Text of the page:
Workplace Health & Safety

You have the right to a safe workplace at any employment. The law says employers must do everything reasonably practicable to keep employees and everyone else in the workplace healthy and safe at work.

This section will talk about the health and safety rights you have at work.

Who’s responsible for health and safety in the workplace?

The main responsibility for health and safety in the workplace lies with the employer or whoever else is responsible for the workplace. However, employees and others doing work for the employer also have responsibilities to themselves and others.

What are my employer’s health and safety duties?

Your employer must take all practicable steps to make sure that you and other employees are safe while at work. This includes taking all practicable steps to:

  • provide and maintain a safe working environment;
  • provide and maintain facilities for the safety and health of employees at work;
  • make sure that machinery and equipment in the workplace is safe;
  • make sure that work systems don’t lead to employees being exposed to hazards in or around the workplace;
  • identify all hazards and eliminate them, or isolate them if it’s not possible to eliminate, or minimise them if it’s not possible to isolate;
  • develop procedures for dealing with emergencies.

What does taking “all practicable steps” mean for employers?

There is an obligation on the employer to “take all practicable steps” where they are aware of or should reasonably have been aware of a safety risk.

Taking “all practicable steps” means doing everything that is reasonably practicable in the circumstances, taking into account:

  • the harm that could occur;
  • the available knowledge about the harm, the likelihood of it occurring, and what can be done to eliminate or reduce the harm;
  • whether the means of doing something about the harm are available and how much this would cost.

What are my health and safety duties as an employee?

As an employee, you have a general duty to take all practicable steps to ensure your own health and safety at work and to make sure you don’t harm anyone else. For example, if you work in a dangerous environment, you must use suitable protective clothing or equipment that your employer has provided where required.

I feel unsafe at work, what do I do?

You have the right to a safe workplace. If you feel unsafe, you should first talk to your employer about your concern and request for them to eliminate or reduce the safety risk. If no action or unsatisfactory action is taken by the employer, you can complain to WorkSafe.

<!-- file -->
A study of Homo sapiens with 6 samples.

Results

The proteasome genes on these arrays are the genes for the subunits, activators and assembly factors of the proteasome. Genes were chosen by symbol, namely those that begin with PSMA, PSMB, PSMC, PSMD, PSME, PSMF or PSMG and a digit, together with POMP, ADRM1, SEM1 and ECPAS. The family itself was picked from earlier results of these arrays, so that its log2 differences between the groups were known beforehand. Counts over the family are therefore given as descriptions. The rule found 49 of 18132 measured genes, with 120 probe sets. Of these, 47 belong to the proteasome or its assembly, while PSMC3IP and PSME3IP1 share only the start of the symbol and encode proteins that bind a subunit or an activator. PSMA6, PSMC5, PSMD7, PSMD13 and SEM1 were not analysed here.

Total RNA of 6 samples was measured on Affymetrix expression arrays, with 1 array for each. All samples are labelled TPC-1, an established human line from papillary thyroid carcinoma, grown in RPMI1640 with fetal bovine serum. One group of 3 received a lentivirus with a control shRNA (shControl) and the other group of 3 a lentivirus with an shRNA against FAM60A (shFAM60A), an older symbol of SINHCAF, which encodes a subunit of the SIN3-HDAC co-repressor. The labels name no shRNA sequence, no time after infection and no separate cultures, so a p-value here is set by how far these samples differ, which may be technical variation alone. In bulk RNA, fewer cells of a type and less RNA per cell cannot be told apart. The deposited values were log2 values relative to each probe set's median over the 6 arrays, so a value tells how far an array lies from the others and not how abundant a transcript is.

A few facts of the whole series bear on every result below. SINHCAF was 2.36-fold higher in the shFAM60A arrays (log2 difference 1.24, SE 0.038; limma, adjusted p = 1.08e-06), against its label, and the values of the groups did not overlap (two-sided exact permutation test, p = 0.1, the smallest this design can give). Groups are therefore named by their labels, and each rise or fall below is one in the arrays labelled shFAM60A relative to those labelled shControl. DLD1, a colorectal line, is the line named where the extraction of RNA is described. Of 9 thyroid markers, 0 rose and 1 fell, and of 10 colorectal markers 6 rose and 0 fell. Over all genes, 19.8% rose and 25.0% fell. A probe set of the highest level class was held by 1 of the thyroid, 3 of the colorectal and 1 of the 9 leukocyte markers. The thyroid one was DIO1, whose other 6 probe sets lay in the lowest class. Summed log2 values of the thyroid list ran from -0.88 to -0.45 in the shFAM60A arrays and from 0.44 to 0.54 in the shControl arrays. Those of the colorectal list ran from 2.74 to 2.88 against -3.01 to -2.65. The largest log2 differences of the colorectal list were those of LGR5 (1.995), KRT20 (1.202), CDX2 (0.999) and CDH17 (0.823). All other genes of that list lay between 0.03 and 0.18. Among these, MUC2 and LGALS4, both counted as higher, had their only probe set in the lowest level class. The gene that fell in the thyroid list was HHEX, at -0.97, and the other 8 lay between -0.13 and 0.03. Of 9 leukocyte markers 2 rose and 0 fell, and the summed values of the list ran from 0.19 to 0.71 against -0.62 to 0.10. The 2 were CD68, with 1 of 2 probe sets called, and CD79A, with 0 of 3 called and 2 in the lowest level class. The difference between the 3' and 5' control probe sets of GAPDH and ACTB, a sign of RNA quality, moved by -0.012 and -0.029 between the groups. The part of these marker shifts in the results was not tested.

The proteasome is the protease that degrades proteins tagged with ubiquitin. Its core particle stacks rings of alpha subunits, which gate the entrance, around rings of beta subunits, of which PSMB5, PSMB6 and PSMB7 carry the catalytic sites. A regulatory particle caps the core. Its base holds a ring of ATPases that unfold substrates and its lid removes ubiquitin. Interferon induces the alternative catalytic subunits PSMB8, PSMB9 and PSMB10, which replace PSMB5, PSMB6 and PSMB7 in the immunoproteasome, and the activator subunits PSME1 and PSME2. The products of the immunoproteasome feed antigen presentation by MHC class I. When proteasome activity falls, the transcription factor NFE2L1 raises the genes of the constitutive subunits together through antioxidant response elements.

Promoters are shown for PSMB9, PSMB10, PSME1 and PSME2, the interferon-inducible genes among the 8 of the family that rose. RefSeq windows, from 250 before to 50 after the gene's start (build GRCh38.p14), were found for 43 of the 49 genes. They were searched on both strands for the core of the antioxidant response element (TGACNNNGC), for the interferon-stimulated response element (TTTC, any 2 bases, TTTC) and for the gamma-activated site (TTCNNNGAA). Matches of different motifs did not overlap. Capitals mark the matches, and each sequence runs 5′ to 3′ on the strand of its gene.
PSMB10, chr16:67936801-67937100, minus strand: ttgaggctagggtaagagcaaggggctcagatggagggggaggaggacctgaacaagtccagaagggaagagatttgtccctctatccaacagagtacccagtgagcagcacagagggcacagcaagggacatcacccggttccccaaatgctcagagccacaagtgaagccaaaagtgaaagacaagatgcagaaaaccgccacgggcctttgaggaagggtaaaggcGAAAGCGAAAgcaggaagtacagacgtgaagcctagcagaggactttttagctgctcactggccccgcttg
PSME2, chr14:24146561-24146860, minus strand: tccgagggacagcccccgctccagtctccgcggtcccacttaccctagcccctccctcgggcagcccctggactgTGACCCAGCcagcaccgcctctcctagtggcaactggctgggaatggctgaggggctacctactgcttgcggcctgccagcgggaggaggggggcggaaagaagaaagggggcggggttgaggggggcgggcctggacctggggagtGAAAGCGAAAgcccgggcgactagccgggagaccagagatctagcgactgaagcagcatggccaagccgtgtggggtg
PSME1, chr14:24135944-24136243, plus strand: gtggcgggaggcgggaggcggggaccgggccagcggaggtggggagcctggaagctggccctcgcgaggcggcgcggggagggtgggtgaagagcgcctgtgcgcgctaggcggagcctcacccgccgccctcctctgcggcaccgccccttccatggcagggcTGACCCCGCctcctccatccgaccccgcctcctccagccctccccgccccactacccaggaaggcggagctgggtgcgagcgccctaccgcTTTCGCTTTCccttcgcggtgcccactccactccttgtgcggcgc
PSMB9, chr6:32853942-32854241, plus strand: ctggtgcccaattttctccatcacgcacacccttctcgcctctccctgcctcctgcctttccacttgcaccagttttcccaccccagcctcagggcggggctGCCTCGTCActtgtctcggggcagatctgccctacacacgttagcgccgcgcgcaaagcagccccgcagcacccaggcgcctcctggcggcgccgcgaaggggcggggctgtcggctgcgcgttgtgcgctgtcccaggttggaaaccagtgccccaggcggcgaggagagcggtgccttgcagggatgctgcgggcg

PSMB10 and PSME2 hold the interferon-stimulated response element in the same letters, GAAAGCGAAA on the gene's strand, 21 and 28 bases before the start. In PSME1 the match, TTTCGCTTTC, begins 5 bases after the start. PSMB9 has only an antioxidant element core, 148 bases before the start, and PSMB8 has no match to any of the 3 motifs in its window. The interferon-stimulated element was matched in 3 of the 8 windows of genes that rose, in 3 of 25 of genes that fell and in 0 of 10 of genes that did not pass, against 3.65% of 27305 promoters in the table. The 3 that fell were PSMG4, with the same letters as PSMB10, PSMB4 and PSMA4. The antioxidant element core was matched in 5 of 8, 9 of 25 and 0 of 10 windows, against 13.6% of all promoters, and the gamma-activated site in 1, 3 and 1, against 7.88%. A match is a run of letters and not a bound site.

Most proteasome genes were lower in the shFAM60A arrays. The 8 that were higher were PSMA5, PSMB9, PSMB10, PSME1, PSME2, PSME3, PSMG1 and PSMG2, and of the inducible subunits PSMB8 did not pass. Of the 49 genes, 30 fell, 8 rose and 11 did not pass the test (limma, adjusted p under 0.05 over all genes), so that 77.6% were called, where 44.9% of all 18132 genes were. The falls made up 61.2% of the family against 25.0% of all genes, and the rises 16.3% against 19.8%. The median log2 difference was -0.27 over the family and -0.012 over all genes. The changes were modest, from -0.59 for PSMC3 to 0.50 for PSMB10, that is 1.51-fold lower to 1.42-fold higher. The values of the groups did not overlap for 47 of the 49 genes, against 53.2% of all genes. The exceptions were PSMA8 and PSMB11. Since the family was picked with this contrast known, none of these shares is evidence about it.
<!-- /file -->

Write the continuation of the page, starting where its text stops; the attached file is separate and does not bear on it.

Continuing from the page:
WorkSafe is a part of MBIE (Department of Labour) that makes sure that employers follow safety law. You can contact them on 0800 030 040 or http://www.worksafe.govt.nz/worksafe and report the unhealthy/unsafe issues and practices. You don’t have to give your name when you complain. They can send an inspector to your workplace to investigate your complaint.

What will happen to my employer if WorkSafe finds my employer to be unsafe?

Employers who break the law on health and safety can be fined from $10,000 to $50,000. If they break the law and this causes an employee to suffer serious harm, the employer can be fined up to $500,000 and/or imprisoned for up to 2 years.

My co-workers and I have complained about safety issues at work, but it is still unsafe, what can we do?

If you believe that continuing work will cause you serious harm, you can refuse to work after notifying your employer of the reasons for refusing to work.

If several of you in your workplace are really worried about health and safety issues and your employer hasn’t done anything to deal with your concerns, you might be able to go on a strike. For this to be legal, you need to have good reason to believe that there is a very serious risk to your health or safety. Even if you’re still going to work, it counts as a strike if you refuse to do certain things that are usually part of your job.

Remember, you should also contact WorkSafe to try to resolve the problem.

What does health and safety at work involve?

It’s not just about making sure you don’t trip over power cables. Your employer must identify hazards which may take place in the workplace and take all possible steps to reduce or to eliminate these hazards. These also include:

  • bullying at work;
  • using a computer safely, including having the right equipment and support;
  • working from home safely;
  • your personal well-being including work-life balance, mental health at work and excessive stress;
  • protections for clients, customers, visitors & contractors.

Your employer must take steps to identify and tackle these issues, including having relevant support people, policies, and procedures for when things might go wrong.

What happens if I’m unable to work because of a workplace accident?

If you have an injury at work, most of your medical fees will be covered by Accident Compensation Corporation (ACC). Employers must pay the ACC levy to cover any employees who are hurt at work. If you’re injured due to a workplace injury, you’ll also be paid a part of your wages through ACC whilst you’re away from work.